Data may be held several times for the same lake and to record changes by year.
The data set was derived from numerous hardcopy maps, which involved four main processes. These were:
1, The hard copy maps were scanned and saved as TIF images. These images were then loaded into Corel Trace and the lines traced creating a DXF file. The DXF files were checked using ... Microstation for small tracing errors such as dangle arcs, and corrected where necessary.
2, The images of the hard copy maps were geo-referenced using Microstation and a similarity transformation. The images were fitted to the Vestfold Hills lake edge data using a visual best-fit approach with varying results.
3, Using the geo-referenced images, the DXF files were imported, and a similarity transformation was performed to fit the line data to the geo-referenced image. Once geo-referenced, all contour lines had their respective heights tagged.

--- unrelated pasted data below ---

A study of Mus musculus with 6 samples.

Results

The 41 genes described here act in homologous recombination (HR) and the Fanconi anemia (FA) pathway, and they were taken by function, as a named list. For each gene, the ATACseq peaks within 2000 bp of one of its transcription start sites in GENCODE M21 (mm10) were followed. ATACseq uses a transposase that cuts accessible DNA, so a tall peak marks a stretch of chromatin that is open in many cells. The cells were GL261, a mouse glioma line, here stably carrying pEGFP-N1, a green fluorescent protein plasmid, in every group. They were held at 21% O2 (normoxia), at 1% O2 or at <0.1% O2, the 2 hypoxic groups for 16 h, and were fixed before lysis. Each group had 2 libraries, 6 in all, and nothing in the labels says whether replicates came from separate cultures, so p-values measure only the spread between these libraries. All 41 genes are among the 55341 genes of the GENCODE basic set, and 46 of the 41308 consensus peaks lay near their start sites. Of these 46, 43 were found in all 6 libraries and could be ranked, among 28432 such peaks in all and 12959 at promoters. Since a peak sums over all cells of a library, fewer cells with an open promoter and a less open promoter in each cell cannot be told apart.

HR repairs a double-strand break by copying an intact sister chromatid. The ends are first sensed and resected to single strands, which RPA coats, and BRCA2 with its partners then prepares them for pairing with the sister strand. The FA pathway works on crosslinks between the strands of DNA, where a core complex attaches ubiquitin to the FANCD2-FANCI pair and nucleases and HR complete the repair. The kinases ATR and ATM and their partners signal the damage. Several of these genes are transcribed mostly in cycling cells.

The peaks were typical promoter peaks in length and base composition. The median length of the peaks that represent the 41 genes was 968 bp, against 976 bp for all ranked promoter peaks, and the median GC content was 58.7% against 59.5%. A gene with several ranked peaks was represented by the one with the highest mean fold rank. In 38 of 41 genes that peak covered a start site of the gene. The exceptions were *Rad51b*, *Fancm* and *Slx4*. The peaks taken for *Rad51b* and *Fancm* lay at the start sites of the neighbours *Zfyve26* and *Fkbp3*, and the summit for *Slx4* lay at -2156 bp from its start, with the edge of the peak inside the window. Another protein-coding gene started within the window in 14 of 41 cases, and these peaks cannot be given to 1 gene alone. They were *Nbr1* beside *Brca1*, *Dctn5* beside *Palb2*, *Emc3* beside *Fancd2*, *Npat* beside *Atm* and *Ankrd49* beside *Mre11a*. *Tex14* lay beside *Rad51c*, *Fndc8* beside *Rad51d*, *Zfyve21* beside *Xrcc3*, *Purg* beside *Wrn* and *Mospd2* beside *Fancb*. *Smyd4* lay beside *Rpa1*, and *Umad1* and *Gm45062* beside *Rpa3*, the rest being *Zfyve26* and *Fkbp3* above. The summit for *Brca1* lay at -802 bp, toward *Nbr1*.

4, The contour line data were then imported into the Arc/Info coverage format (utilising regions) and structured to conform with the Australian Antarctic Division's Spatial Data Model. This spatial data model has since been superseded by the SCAR Feature Catalogue (refer to link below) and the attribute data have been reformatted accordingly.
Each bathymetric contour and bathymetric area feature has a DQI number. Use these DQI numbers (173,175,182-184) to search for Quality Information Records about the features (refer to link below). Enter the DQI number as the Qinfo id and start the search. The information includes the original hard copy map name and the estimated accuracy of the data.
These data are publicly available for download from the provided URL.